Put aside the myth of the ‘tamed’ business cycle. In the wake of the current economic downturn, managers must learn how to use the business cycle for competitive advantage.
In his 2004 MIT Sloan Management Review article “Principles of the Master Cyclist,” the author made the case for why companies need to learn how to integrate strategic business-cycle management into their tool kits. The article presented a set of principles that savvy managers can use in making tactical decisions (in areas such as inventory management, marketing and pricing) and strategic decisions (in areas such as capital expansion and mergers and acquisitions). At the time of publication, there was a growing perception that the business cycle had largely been “tamed” by the sophisticated application of discretionary fiscal and monetary policies. However, that myth has since been completely shattered–not just by the 2008-2009 recession but also by the U.S. Federal Reserve System’s role in formulating the economic policies that helped trigger the crash. In this current article, the author discusses the heightened importance of economic and financial market literacy and how smart forecasting can help companies manage the business cycle more effectively than their competitors.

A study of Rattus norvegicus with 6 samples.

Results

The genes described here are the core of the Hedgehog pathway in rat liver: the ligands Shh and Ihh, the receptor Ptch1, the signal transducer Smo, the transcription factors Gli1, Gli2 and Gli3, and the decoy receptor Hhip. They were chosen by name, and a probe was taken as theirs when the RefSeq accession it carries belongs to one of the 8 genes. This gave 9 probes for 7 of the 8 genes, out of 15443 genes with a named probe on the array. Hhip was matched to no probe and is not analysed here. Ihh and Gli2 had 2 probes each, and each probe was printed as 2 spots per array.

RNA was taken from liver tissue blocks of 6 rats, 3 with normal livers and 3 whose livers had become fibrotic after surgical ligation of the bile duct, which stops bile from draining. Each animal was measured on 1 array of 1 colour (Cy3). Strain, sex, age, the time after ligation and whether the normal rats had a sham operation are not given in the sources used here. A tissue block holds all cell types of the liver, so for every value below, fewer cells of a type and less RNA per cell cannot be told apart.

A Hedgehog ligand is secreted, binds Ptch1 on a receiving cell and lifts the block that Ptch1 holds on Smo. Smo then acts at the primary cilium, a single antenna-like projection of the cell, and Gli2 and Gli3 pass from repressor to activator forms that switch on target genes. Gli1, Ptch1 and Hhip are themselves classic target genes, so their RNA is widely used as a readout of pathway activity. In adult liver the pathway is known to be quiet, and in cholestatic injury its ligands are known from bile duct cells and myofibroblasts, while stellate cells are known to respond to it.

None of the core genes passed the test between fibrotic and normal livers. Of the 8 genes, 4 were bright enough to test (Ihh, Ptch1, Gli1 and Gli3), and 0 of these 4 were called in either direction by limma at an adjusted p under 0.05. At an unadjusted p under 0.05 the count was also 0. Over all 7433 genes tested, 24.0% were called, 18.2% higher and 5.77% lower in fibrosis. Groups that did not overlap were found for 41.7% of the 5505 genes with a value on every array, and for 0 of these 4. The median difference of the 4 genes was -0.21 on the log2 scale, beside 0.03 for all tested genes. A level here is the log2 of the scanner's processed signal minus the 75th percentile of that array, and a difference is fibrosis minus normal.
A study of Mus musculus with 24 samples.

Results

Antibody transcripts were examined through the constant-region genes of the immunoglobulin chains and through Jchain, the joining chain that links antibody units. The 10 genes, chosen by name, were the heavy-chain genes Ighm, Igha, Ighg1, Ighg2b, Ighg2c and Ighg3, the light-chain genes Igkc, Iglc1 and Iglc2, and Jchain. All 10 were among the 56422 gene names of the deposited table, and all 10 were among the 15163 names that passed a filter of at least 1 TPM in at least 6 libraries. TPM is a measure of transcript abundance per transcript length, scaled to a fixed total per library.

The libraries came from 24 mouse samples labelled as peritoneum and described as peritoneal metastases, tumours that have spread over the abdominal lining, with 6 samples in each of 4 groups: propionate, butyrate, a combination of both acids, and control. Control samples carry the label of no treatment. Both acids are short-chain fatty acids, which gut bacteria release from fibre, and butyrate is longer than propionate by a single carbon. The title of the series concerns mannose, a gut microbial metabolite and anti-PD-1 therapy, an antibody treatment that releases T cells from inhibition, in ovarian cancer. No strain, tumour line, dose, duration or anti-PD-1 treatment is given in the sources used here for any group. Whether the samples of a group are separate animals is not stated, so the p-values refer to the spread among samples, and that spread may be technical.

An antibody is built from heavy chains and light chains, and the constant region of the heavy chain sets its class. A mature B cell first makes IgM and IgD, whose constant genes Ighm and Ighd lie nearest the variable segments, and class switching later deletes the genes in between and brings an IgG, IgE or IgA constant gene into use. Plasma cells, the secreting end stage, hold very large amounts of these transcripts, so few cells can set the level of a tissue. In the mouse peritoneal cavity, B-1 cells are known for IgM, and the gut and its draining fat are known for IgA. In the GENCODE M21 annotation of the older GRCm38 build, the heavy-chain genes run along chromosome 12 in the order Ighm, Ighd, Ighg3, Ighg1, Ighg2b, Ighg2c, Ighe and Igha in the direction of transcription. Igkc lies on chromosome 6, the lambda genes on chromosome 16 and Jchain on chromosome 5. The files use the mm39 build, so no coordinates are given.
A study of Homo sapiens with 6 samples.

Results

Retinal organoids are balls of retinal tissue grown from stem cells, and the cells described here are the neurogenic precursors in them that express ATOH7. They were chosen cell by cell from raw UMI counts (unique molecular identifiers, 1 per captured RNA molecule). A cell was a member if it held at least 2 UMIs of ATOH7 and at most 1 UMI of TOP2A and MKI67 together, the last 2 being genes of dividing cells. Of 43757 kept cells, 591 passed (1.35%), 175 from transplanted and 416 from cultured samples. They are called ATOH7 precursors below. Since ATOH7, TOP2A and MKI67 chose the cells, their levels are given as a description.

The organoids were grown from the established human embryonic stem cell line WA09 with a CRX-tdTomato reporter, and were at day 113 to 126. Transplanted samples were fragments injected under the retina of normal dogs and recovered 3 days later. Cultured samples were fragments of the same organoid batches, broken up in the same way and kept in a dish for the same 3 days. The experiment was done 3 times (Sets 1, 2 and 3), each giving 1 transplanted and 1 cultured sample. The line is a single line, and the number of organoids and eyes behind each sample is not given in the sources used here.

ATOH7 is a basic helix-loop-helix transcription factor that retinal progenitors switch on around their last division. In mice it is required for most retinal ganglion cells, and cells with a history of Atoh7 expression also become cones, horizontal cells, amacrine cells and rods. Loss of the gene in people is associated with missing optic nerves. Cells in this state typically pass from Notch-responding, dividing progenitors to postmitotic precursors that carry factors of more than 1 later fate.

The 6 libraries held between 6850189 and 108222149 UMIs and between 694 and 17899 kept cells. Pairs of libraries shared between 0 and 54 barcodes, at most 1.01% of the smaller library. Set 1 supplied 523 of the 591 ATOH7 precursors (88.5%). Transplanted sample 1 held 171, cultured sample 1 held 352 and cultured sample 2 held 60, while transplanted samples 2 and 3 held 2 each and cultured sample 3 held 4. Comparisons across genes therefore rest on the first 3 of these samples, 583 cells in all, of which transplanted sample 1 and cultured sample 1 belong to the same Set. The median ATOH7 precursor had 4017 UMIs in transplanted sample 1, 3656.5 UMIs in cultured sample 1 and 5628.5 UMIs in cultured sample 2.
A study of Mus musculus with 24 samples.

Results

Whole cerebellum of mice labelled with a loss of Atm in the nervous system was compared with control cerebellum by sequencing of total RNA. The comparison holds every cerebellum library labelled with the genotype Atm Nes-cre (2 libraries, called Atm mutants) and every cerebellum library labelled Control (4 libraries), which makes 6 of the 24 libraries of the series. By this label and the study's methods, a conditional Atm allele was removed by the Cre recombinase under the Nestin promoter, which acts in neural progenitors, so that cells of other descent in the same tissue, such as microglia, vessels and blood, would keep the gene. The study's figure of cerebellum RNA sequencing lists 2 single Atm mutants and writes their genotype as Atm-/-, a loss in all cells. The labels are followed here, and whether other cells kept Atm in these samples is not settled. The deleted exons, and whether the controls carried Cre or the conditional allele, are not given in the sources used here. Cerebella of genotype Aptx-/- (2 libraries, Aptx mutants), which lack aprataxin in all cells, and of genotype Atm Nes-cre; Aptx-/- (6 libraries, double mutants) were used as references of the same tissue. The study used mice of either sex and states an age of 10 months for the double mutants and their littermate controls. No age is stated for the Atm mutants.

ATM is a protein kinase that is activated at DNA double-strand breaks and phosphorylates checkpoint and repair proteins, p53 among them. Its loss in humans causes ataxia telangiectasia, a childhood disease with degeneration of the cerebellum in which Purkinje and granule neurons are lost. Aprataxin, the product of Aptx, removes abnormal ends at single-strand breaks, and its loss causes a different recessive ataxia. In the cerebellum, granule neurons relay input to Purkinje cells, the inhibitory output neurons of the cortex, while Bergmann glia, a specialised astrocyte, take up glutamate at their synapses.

The author highlights three major activities managers need to focus on: (1) developing and deploying
forecasting capabilities to anticipate movements and key turning points in the business cycle, (2)
applying well-timed business-cycle management strategies and tactics across the functional areas of the organization in a synergistic and integrative fashion, and (3) building an organization with a business cycle orientation, a facilitative structure and a supportive culture.